A Memorial first: Graduate students best in the world in field development challenge
A team of Memorial graduate students has won the 2018 European Association of Geoscientists and Engineers’ Laurie Dake Challenge.
On June 11 the Memorial Aion Energy Team was one of eight international teams that presented fully integrated development and evaluation plans to a jury at the event in Copenhagen, Denmark. Memorial was one of two Canadian universities to compete in the final challenge.
The Laurie Dake Challenge began in 2011 as a method of promoting cross‐disciplinary geoscience and engineering integration within universities.
Multi-disciplinary teams, comprised of full-time geoscience and petroleum engineering students and one PhD student per team, compete for a grand prize and worldwide recognition.
A first for Memorial
Memorial teams have competed in the competition in the past, but have never made it past the first round. Until now.
Students Jenny Kim and Daniel Sivira, Faculty of Engineering and Applied Science, and Larry Sandoval and Francis Mujica, Faculty of Science now hold the championship title in Memorial’s name.
“When Memorial University was announced as the winner and the organizer came to direct us to the stage, I think we were all in shock,” said Mr. Sivira.
“Everything stopped in that moment and there was only happiness. It is hard to describe the feeling – we were just all so grateful and proud to represent Newfoundland and Labrador and Memorial University so well on a world stage. It was truly an unforgettable moment.”
The 2018 challenge began with 41 teams.
Each team was asked to submit a report of a development plan for geological data set to evaluate possible opportunities in an oil field. All teams were given the same data, which is provided by a different company each year.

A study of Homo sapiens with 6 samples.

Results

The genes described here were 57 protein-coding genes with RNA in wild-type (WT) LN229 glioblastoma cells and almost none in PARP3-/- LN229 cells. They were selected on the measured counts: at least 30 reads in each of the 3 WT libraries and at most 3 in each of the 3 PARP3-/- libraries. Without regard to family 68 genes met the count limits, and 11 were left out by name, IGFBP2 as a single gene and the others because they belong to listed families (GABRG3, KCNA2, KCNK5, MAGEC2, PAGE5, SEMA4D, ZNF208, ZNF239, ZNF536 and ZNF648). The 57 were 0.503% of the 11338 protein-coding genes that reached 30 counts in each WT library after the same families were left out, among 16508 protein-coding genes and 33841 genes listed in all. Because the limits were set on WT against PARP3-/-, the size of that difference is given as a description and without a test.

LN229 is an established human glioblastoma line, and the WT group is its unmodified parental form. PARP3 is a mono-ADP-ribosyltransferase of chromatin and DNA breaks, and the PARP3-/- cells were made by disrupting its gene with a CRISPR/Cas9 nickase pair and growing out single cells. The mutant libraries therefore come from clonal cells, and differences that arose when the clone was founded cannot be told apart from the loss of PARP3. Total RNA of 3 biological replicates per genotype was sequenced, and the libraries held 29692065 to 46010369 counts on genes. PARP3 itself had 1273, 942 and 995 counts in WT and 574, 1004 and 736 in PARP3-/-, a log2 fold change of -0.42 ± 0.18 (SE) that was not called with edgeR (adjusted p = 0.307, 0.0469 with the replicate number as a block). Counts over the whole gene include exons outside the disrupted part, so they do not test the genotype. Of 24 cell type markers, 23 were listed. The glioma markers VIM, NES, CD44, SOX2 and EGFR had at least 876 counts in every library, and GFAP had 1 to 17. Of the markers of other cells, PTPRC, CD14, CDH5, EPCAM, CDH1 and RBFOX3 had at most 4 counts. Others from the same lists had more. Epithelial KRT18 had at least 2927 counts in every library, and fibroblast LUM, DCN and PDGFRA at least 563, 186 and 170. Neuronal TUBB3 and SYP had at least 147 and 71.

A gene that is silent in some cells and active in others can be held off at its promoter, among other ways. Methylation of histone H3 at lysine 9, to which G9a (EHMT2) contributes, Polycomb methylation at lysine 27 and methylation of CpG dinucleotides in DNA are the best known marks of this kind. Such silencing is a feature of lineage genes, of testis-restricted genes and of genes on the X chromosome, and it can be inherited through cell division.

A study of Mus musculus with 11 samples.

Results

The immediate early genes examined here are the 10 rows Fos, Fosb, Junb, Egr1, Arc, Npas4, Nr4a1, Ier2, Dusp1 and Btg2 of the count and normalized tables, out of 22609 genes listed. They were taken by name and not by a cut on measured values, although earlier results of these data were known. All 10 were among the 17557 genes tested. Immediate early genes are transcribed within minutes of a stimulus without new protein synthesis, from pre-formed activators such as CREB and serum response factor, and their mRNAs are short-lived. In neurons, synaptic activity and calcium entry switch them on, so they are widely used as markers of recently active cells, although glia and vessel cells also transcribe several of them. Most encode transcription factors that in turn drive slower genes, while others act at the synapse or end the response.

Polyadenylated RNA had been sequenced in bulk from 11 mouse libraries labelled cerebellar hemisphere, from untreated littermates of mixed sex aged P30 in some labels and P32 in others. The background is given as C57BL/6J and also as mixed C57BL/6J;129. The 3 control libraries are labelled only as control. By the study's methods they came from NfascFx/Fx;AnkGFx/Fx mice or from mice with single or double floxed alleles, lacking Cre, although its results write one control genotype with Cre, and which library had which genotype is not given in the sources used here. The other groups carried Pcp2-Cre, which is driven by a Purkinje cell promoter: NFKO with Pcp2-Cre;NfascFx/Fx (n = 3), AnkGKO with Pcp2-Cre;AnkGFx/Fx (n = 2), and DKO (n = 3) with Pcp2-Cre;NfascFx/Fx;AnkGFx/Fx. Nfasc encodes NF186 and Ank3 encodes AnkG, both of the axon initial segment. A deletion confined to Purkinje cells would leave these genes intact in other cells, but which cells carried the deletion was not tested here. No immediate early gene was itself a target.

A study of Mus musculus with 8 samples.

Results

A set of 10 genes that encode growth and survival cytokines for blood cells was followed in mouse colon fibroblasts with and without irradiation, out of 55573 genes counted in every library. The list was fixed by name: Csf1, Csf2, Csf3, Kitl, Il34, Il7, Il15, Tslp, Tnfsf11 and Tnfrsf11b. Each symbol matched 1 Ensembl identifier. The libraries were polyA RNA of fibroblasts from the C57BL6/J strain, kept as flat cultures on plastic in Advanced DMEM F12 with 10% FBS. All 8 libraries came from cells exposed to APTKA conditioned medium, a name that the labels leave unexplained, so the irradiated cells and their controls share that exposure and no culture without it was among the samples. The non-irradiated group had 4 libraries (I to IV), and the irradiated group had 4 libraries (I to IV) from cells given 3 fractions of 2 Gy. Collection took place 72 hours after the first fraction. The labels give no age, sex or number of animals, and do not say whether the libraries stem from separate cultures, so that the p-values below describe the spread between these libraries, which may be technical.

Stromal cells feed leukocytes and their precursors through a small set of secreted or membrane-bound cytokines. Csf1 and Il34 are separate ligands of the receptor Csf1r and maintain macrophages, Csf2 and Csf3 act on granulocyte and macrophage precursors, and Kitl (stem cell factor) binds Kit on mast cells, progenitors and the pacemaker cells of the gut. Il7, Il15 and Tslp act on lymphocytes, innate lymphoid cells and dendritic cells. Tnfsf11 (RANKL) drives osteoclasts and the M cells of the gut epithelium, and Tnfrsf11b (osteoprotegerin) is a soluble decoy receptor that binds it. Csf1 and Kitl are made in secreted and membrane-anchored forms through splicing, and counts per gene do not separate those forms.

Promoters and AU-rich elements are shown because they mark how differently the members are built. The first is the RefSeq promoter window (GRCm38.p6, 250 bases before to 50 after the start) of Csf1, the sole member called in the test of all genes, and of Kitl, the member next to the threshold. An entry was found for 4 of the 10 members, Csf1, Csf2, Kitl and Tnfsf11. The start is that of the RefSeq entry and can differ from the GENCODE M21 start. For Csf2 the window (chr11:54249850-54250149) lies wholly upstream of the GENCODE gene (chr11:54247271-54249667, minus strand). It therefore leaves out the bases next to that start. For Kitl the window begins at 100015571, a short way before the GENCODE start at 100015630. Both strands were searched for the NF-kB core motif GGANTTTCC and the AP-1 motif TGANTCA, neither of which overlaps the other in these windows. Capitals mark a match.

“It was very challenging,” said Ms. Mujica. “This was real exploration work where we integrated our ideas and knowledge to find new opportunities.”
The Memorial group was one of 10 successful teams to advance to the next round of the competition, where the challenge was to create a three-minute video.
“Three minutes isn’t very long, so we found it challenging to explain the technical concepts in a way that people could understand in such a short time frame,” said Ms. Mujica. “We chose to do an interactive and graphical video.”
Their decision was the right one. In April, the students learned that had advanced to the final competition in Copenhagen.
The team members say the final round was the most challenging. They received additional data around three weeks before they were due in Copenhagen and were required to update their volumes, development plan and economics in time for the championship.
“There were no free weekends and lots of late nights and coffee,” said Mr. Sandoval. “However, we really enjoyed the entire process. We expected the technical level of all the teams in the finals to be very high and this inspired us to do our best to represent Memorial the best we could.”
As winners of the challenge, they received a cash award; toured the offices at Total, a major energy operator and the world’s fourth largest oil and gas company; were invited to the company’s scientific headquarters in Pau, France, to learn about the business and high technology facilities; and met with Total’s global chief geophysicist and engineers.
“We are a multi-disciplinary team and integrating our disciplines were extremely important,” said Ms. Kim. “This was challenging to do because we were always on a tight deadline, but the work we are each doing is interrelated and it made sense to collaborate every step of the way. We all learned more about technical details of other disciplines, but, most importantly, we learned so much about teamwork.”
The students say they “could not have done it” without the tremendous support from Dr. James, the team's faculty advisor, and their friends and family.